Psalm 122 - An Invitation To Worship The LORD

Our text for this morning is Psalm 122,

I was glad when they said to me, “Let us go to the house of the Lord!” 2 Our feet have been standing within your gates, O Jerusalem!

3 Jerusalem—built as a city that is bound firmly together, 4 to which the tribes go up, the tribes of the Lord, as was decreed for Israel, to give thanks to the name of the Lord. 5 There thrones for judgment were set, the thrones of the house of David.

6 Pray for the peace of Jerusalem! “May they be secure who love you! 7 Peace be within your walls and security within your towers!” 8 For my brothers and companions' sake I will say, “Peace be within you!” 9 For the sake of the house of the Lord our God, I will seek your good.

This morning I wanted to preach from a passage that would help us to celebrate the fact that we are gathering together for the first time in sixteen months.

As you look at this psalm notice the superscription which is part of the original text of scripture. It says, ‘A Song of Ascents. By David.’

This psalm then is one of fourteen psalms (120-134) that have the superscription, ‘A Song of Ascents.’. Within these fourteen psalms: four are given authorship to David, Solomon has written one, and the rest do not list the author by name.

These Psalms were written to be sung by the people as they made the long journey to Jerusalem to attend the required feast days that were required by the Law. No doubt this journey was not always an easy journey to make; yet, the journey was made much more pleasant and exciting when it was motivated by the love for God which was begun and continued by the grace of God.

For example, this week little Genny came to church with her mother to help clean the church. They brought donuts into the office to eat but Genny would rather clean the church with her mom than enjoy delightful donuts anywhere else. Similarly, this journey to worship was not to be seen as a burden that had to be done to finally find God; rather, this psalm reminds us that God enables the journey by abundant gifts of His grace.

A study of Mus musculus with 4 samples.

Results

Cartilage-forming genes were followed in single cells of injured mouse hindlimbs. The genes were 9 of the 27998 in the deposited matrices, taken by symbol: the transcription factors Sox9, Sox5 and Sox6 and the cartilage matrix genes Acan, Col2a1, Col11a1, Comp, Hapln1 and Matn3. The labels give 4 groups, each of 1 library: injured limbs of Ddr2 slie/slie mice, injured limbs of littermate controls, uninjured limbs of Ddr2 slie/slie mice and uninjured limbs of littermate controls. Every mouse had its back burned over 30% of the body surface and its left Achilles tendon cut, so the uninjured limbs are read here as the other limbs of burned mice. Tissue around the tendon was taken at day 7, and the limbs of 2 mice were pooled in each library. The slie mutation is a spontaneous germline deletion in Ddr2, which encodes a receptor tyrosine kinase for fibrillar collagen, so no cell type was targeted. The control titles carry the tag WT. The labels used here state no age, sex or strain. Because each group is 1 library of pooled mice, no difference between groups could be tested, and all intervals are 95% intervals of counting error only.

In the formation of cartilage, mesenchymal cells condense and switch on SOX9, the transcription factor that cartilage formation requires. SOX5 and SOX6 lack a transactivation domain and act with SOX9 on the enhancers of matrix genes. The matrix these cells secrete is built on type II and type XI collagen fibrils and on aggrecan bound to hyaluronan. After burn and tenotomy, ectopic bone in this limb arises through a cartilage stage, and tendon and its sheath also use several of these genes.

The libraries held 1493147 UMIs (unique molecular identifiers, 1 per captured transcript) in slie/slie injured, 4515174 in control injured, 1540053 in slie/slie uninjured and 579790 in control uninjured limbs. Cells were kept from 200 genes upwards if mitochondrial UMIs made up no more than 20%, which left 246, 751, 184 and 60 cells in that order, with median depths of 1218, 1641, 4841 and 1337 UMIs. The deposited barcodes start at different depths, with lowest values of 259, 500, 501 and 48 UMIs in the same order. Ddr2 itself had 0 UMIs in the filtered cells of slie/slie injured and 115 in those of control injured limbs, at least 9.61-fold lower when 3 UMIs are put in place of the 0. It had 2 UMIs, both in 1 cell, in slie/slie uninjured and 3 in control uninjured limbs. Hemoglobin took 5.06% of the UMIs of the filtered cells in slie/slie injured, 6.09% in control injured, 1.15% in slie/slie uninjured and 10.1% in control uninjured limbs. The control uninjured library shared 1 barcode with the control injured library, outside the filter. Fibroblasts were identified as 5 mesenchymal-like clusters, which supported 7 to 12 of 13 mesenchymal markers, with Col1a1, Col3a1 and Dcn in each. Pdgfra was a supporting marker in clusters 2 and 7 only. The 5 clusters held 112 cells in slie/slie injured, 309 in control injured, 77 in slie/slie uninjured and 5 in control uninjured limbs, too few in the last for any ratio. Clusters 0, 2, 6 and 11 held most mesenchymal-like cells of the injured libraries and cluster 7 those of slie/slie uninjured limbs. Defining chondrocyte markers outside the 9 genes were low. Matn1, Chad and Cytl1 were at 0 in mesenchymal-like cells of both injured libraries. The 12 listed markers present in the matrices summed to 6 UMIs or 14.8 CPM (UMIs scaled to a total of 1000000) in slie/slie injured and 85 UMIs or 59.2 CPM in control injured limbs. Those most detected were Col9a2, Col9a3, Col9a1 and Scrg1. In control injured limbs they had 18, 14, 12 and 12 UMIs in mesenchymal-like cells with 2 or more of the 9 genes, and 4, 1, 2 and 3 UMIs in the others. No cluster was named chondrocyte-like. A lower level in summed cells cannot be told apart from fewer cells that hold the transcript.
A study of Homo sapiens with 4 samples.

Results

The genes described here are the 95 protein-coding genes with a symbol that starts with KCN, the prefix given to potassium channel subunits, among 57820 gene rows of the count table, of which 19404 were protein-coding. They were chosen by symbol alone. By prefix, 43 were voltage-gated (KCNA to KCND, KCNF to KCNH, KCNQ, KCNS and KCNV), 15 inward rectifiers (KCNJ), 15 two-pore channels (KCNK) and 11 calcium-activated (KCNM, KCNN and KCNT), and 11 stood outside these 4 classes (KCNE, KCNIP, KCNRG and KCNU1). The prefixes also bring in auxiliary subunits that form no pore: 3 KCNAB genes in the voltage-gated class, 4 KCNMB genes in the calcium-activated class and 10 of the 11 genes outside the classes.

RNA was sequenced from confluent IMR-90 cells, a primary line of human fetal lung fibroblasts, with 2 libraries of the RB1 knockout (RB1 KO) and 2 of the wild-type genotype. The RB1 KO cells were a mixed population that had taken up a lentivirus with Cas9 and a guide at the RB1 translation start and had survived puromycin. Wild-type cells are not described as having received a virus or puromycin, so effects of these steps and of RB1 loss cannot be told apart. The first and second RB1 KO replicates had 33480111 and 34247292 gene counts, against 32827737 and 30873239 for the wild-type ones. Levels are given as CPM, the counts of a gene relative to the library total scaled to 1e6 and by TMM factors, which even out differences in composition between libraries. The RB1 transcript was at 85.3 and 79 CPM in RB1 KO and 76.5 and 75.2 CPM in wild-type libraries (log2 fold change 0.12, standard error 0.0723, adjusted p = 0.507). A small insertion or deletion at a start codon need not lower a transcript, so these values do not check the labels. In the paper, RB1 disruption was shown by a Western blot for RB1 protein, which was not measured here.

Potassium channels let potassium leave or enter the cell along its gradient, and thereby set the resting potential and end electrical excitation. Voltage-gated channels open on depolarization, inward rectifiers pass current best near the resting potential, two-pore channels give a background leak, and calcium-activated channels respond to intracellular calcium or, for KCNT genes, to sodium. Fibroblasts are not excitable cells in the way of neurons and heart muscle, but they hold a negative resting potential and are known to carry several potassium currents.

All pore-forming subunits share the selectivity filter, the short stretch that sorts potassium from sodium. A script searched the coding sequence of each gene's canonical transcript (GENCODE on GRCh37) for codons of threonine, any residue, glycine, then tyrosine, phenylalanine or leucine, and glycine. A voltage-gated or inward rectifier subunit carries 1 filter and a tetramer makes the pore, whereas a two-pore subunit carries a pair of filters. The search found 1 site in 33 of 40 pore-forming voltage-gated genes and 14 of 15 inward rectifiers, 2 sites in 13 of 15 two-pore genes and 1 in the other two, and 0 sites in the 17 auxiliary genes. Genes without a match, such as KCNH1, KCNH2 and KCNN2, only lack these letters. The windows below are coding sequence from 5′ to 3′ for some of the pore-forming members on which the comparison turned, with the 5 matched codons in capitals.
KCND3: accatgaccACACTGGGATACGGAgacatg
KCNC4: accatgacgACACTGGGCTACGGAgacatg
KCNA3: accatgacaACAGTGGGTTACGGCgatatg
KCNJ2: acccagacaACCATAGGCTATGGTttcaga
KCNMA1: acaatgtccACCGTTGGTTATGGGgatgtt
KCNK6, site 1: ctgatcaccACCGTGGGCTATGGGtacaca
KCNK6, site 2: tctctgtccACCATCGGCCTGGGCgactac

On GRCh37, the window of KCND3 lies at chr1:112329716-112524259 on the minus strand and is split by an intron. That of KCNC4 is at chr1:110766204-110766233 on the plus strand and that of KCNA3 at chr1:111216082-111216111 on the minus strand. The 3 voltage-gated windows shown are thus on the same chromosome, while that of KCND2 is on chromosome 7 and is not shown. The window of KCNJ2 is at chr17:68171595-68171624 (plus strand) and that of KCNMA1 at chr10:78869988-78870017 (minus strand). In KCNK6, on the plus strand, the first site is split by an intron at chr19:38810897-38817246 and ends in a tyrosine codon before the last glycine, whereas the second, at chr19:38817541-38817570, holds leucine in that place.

During COVID19 I found myself reading these songs of ascent and I came to really appreciate them. I have chosen Psalm 122 to celebrate this particular occasion today as we gather for the first time in one room. I bet we are all able to appreciate this Psalm more now because of the journey we have experienced over the last year and a half. The road that we have traveled has not always been easy has it. And yet, we have seen God’s faithfulness through it all.

Psalm 122 is a passage that reveals that David had a genuine and sincere faith. He was not simply a religious man, a pious individual, a devout disciple of Judaism. No, he loved the LORD, thanked God consistently for the grace and mercy he was given, and he rejoiced when he could go and worship the LORD at His Tabernacle. In this psalm David wants to cultivate these same things in the people of God as they come and worship the LORD throughout all generations.

Let’s begin by looking at Psalm 122:1-2 which says,

“I was glad when they said to me, “Let us go to the house of the Lord!” 2 Our feet have been standing within your gates, O Jerusalem!”

As we have previously discussed, this is a Psalm of David. As we all know, David was not a perfect person or a perfect king. He was a sinner who fell short of the glory of God. He broke God’s commandments and for a season he was slow in repenting for his sexual sin and the murder of Uriah. The Law of God declared him guilty and demanded His death.

David, like all of us, can only come to the LORD because of the grace of God. We have all sinned and fallen short of the glory of God. The Law of God has condemned us all and we are silenced before the Holy One of Israel.

Yet, by faith in Christ Jesus’ redeeming work we have been saved from our sins, from the condemnation of those sins, fellowship with the LORD has been granted, and eternal life has been given.

Because of the grace of God, when someone says to us, “Let us go to the house of the LORD!”, we do not need to shrink back in shame and condemnation. We do not need to hesitate in fear. We do not need to run and hide. No, rather we can come boldly to the throne of grace knowing that we have been cleansed and purified by the life, death and resurrection of Christ (Hebrews 4:16).